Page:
Ask An Expert: What Should You Eat If You Have Acne?
If you're dealing with frequent breakouts or acne, chances are you’ve tried several different topical solutions and treatments to get on top of it.
And while it’s universally frustrating, according to Melbourne naturopath, Georga Holt, identifying what triggers your acne should be your first priority when it comes to clearing up your skin.
“Acne can be driven by many factors, whether it be excessive sebum production due to hormones or digestive issues. The causative factors are endless which can be quite exhausting when you’re trying to figure out your why.”
We sat down with Georga to discuss some of the main factors that can contribute to acne and what you can do about it.
What Are Some Of The Main Triggers Of Acne?
“Acne is multifaceted and it can be caused by a multitude of things, so for a person suffering from breakouts, it can be quite confusing. In clinic, the main ‘triggers’ I see are poor gut health, hormonal imbalances, food intolerances, diets high in processed foods/sugar, low water/fibre intake and stress.”
When It Comes To Dealing With Acne, What Should Your First Step Be?
“Your first step should be to identify your triggers, which is easier said than done. I get my patients to start a diary and track when their acne breakouts happen, when it gets worse and when it gets better. That generally helps to differentiate between hormonal, food, gut or stress-related triggers.”
What Are Some Key Nutrients And Vitamins You Should Be Dosing Up On?
“Zinc is important in maintaining skin integrity and deficiency has been associated with acne. Zinc helps reduce sebum production in the skin by inhibiting the enzyme that over promotes oil production. Therefore less clogged pores generally equals less acne formation.”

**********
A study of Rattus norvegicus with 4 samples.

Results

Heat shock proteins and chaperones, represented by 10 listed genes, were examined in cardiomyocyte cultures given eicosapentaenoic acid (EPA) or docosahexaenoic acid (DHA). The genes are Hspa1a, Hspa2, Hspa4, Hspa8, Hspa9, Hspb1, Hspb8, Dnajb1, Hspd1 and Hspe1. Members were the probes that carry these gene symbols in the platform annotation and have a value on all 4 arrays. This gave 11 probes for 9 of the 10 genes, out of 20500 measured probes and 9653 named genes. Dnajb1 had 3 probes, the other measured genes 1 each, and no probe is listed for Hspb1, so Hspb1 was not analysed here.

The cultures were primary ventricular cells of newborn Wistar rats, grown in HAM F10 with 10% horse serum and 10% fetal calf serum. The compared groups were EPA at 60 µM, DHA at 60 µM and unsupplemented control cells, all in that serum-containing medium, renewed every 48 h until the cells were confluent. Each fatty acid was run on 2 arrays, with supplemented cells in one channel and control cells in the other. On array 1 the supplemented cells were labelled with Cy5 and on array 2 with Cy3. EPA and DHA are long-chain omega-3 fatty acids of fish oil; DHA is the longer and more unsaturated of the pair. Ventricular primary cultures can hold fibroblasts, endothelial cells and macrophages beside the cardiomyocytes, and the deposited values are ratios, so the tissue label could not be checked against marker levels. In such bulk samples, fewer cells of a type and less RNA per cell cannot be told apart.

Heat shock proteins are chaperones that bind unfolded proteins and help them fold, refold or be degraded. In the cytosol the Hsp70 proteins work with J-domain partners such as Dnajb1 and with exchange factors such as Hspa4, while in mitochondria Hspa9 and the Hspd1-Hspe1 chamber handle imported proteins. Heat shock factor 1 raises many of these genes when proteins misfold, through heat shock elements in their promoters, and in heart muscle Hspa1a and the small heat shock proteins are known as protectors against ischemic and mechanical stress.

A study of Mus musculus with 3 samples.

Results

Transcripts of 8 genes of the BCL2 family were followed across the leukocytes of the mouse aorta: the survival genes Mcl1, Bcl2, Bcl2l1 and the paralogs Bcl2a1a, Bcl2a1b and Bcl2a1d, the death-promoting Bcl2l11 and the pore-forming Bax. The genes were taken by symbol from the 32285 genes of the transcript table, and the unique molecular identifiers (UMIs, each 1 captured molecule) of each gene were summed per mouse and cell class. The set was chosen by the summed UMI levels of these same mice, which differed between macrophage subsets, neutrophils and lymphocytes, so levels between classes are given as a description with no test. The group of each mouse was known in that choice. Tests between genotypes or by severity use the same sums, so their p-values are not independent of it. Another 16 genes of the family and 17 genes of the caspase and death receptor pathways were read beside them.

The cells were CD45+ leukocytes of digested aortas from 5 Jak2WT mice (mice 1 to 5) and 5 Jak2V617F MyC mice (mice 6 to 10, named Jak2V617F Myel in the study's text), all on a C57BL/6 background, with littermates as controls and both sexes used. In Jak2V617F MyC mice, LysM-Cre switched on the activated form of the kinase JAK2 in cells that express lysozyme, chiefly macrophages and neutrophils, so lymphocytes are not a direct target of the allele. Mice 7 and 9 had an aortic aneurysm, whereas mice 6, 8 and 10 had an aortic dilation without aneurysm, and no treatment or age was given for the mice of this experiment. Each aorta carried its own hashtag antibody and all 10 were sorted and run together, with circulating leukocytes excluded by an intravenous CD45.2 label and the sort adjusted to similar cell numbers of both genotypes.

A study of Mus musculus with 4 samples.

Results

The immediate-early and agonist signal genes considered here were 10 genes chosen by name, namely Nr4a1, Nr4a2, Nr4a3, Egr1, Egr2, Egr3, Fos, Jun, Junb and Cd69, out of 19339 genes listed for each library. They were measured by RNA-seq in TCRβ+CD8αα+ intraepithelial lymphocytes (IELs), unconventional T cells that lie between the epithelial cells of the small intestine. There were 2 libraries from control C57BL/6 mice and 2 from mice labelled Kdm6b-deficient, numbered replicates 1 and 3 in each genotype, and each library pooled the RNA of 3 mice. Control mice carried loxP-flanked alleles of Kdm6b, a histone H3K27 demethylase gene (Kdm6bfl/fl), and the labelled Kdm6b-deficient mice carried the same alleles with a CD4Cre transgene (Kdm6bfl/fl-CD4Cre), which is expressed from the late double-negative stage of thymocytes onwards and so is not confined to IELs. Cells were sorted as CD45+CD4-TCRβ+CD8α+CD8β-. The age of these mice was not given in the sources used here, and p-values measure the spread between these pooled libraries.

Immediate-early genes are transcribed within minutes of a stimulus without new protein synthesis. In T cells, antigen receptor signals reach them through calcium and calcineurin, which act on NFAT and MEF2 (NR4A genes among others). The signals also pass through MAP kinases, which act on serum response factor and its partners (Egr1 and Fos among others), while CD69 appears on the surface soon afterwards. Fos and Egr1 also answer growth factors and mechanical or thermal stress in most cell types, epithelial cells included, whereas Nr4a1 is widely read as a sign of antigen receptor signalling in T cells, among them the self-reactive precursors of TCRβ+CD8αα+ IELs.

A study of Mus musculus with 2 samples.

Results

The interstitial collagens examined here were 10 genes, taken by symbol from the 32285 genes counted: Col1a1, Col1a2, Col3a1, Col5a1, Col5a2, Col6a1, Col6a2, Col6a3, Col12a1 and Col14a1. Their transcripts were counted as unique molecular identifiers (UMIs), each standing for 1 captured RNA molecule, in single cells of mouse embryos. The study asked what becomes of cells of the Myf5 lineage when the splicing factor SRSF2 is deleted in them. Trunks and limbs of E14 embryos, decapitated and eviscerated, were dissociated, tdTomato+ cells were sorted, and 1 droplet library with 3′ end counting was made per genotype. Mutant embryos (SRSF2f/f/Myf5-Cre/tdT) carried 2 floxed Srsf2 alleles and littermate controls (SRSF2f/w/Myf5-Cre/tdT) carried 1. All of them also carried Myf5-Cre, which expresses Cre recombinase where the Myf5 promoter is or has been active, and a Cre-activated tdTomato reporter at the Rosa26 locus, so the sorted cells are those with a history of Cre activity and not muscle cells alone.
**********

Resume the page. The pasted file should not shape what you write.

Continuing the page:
Good sources include: oysters, cooked lentils, cashew nuts, hemp seeds and eggs.
“Vitamin A is responsible for maintaining the health of our skin, reducing inflammation and also helps support our immune system, which is beneficial for the bacterial aspect of acne.”
Good sources include: salmon, sweet potato, kale and lean meats.
“Vitamin C is a precursor for our natural collagen production which can help with skin repair and regeneration. Additionally, Vitamin C also plays a role in our immune system and reducing inflammation.”
Good sources include: citrus fruits, berries, kiwifruit, tomatoes and broccoli.
Are There Any Foods Best Avoided If You Have Acne?
“I don’t love to recommend restrictive eating as it can create a vicious cycle for our mental health. Moderation is key and of course, identifying your acne triggers is important. However, certain foods have been found to be inflammatory for our skin, so if you do experience acne, removing dairy, sugar, processed foods, high GI foods and gluten can do wonders in reducing the intensity of breakouts while you work on finding the root cause.”
Acne Can Be Tough On Your Self-Esteem And Mental Health. What Are Some Of The Things People Can Do If They’re Feeling Down About Their Skin?
“Because acne is visible, it certainly does play a part in our self-esteem. Please know that you are not defined by your breakouts. My top tips include:
- Find out what is causing your acne, knowledge is empowering.
- Make sure to drink two to three litres of water each day.
- Practice good skin hygiene by washing your towels, face towels, gym towels and pillowcases regularly.
- Thoroughly cleanse your face each night.
- Eat a variety of wholefoods.
- Be kind to yourself, our body listens to our mind.
If your face is breaking out, this is just your bodies way of telling you there is something going on internally that needs to be addressed. Be patient, your skin will heal and will get better.”